Monday, September 8, 2008
Beating the Heat off Carmel
With inland temps hitting the 100s last weekend it was a great relief to sit a quarter mile off Carmel's "Butterfly House" in a cool capsule of fleecy white fog. The sea was calm and glassy, and there was no wind early Saturday as the Silver Prince dropped anchor over a pinnacle near the lip of the Monterey Undersea Canyon.
Silver Prince was crowded with groups of divers from both southern and northern California, in town for a "meet and greet" in Monterey. The agenda called for a dinner later and then shore dives Sunday, though I had to get back home Saturday night. The picture is from the ride out of the bay. That's Robin and Mark.
Anne and I dropped onto the pinnacle, and I followed the anchor chain over a few little peaks at about 50' to see it resting on the sand bottom at the base of the west wall of the structure in about 110'. Visibility was good at about 25-30'.
We dropped over the side and through the stalks of giant kelp and down the face. Anne aimed her light at the wall and it exploded in bright reds, purples, and oranges of big blooms of strawberry anemones, hydrocoral, and sponges. Immediately I saw a lemon nudibranch. In addition we saw lots of sea stars on rocks and in cracks and rock fish diving in and out of the kelp. We contented ourselves to traverse the wall at about 80' and after a while reached the north end of it, following the curve to the east.
On the way back we saw a blue ringed top snail on a blade of kelp. I tried to get a picture but it was always moving out of the frame.
Just about that time we saw Michelle and a few other divers converging with us on the anchor line. I took the opportunity to get a couple of photos which were closeups due to the fact that we'd swum into a narrow canyon that barely had room for all of us. Everywhere there were beautiful undersea gardens of hydrocoral, worms, corynactus, and palm kelp.
The water was 57˚! I can't remember it that warm in Carmel, and the warm water combined with the 70˚ sunny conditions topside made me glad I ditched the drysuit for the weekend. Diving wet in such warm conditions is simpler and very comfortable, though I do prefer the trim I get with the drysuit.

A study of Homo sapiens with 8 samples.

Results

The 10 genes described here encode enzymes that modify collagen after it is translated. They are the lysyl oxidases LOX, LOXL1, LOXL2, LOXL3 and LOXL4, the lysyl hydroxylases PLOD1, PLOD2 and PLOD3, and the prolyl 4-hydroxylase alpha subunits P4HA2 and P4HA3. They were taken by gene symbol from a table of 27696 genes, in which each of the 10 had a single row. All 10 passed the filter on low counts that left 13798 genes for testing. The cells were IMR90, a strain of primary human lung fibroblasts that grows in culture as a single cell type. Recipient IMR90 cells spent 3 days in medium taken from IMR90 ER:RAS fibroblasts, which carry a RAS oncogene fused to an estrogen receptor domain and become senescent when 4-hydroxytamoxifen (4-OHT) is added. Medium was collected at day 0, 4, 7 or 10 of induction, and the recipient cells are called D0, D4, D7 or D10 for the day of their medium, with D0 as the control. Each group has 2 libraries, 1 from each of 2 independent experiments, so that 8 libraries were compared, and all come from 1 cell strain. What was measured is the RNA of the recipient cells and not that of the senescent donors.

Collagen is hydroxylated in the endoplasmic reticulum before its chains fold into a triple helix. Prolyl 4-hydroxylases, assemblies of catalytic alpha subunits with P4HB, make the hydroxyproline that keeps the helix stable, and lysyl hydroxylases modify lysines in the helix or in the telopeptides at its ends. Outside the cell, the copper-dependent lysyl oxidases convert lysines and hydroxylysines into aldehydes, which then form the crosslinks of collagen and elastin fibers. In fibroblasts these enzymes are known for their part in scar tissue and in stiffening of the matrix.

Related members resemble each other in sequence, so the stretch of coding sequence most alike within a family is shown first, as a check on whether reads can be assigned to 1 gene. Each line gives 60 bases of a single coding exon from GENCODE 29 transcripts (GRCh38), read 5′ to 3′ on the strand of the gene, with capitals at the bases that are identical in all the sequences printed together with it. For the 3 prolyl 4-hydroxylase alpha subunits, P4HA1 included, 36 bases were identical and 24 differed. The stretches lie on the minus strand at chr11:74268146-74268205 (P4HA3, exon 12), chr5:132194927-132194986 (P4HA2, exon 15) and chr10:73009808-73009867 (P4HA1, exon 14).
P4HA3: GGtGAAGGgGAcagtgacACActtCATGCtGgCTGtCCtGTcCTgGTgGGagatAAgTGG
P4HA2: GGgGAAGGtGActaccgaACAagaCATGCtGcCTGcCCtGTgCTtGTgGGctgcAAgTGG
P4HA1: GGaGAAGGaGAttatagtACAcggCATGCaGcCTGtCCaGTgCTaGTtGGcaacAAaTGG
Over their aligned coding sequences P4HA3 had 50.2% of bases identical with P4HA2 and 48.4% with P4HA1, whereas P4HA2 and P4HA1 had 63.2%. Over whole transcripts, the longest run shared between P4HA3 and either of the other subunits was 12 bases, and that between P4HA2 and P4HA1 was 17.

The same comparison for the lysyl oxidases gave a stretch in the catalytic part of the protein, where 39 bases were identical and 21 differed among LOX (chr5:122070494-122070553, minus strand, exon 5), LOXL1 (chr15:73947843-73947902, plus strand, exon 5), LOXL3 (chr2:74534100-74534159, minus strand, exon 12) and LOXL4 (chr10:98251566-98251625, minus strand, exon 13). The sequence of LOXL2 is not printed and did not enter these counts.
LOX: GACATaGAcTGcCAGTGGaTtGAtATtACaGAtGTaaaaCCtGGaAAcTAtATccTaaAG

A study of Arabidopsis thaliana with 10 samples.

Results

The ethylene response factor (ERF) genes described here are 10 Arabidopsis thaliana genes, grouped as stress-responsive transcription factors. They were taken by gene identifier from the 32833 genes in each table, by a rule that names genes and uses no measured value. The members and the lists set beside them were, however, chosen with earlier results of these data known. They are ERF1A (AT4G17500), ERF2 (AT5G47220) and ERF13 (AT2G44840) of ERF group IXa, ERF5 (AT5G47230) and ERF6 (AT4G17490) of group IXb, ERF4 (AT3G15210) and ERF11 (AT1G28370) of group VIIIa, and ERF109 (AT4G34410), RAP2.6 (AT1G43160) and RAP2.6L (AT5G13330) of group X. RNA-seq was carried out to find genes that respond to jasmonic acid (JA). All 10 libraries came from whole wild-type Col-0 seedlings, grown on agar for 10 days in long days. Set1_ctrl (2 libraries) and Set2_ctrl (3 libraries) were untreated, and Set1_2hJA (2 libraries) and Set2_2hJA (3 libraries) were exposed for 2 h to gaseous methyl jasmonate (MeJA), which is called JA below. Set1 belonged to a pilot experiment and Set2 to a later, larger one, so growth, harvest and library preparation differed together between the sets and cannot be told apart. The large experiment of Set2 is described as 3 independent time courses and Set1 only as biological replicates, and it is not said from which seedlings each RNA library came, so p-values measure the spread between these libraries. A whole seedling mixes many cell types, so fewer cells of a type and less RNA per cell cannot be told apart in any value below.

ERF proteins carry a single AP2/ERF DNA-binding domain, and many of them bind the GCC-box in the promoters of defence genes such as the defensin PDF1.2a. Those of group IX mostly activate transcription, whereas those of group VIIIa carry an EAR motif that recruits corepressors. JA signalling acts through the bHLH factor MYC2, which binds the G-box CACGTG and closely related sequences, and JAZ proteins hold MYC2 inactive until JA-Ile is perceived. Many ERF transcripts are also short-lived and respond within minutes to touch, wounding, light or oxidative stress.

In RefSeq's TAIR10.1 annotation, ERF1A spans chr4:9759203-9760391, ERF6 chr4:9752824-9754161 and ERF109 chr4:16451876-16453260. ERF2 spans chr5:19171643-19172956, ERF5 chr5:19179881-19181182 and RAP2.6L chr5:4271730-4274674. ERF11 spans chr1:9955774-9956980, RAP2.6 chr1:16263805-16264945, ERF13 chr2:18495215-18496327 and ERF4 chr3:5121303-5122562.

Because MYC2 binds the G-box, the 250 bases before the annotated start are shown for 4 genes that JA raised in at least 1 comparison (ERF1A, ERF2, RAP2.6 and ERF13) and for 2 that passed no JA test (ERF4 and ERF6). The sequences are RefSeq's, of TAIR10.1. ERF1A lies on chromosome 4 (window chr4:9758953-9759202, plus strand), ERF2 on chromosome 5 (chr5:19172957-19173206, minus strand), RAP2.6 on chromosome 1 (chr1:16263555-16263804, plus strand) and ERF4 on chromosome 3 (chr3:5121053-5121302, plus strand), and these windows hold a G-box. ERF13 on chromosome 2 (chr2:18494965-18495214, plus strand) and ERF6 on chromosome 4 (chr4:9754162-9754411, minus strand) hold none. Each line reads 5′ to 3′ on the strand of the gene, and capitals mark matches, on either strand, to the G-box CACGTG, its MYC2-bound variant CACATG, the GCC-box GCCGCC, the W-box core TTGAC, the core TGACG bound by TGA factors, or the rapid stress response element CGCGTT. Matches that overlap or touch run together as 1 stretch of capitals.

As the boat moved we sat in the sun eating Cliff Bars and drinking water. Soon we were positioned over the outer Pinnacle off Pescadero Point. This structure, one of three or so pinnacles out there, had a number of tall spires jutting up from the depths. We dropped into the midst of these steep peaks at about 75' and marvelled at the lush profusion of invertibrate life competing for every millimeter of rock face. Palm kelp waved gracefully in the light surge. Hydrocoral reached with pink and purple branches everywhere, towering over the beds of corynactus.
This would have been a better first dive of the day, since the pinnacle's spires jutted up from greater depths that would have been fun to explore but for the fact that divers on air, following the earlier deep dive at Butterfly House, had very short no-decompression limits at the upper reaches of the spires at 75'. We elected to cruise around at that depth to get as much bottom time as we could, and it was fun swooping around through the spires like birds dodging mountain peaks.
After an hour or so boat ride back to Monterey we turned the corner and almost immediately dropped anchor on Outer Chase Reef. This was to be a nice offgassing dive at about 30 - 40' on a nice reef with a kelp forest to the south. But the visibility was not good, maybe 5-8'. Anne and I elected to simply follow the rock dike we'd dropped onto. It ran roughly parallel with shore at about 40', and we wove our way through some nice structures and canyons, headed roughly back to the east where we could ascend on the stern of the boat. At one point we ran out of rock; it just dropped off out of sight in the crummy vis, so we shrugged and went up with around 1200 psi left. We'd timed it about right, though, because there was the stern of Silver Prince just to the north of us past a little kelp patch which we ducked under on our short swim to the boat.
On the way back into the harbor we chatted with the SoCal divers and made new friends. Now there is already a plan for a get-together next year on Catalina. Sounds like fun.
Here's one last photo of one of the incredible living rock faces near the Monterey Submarine canyon.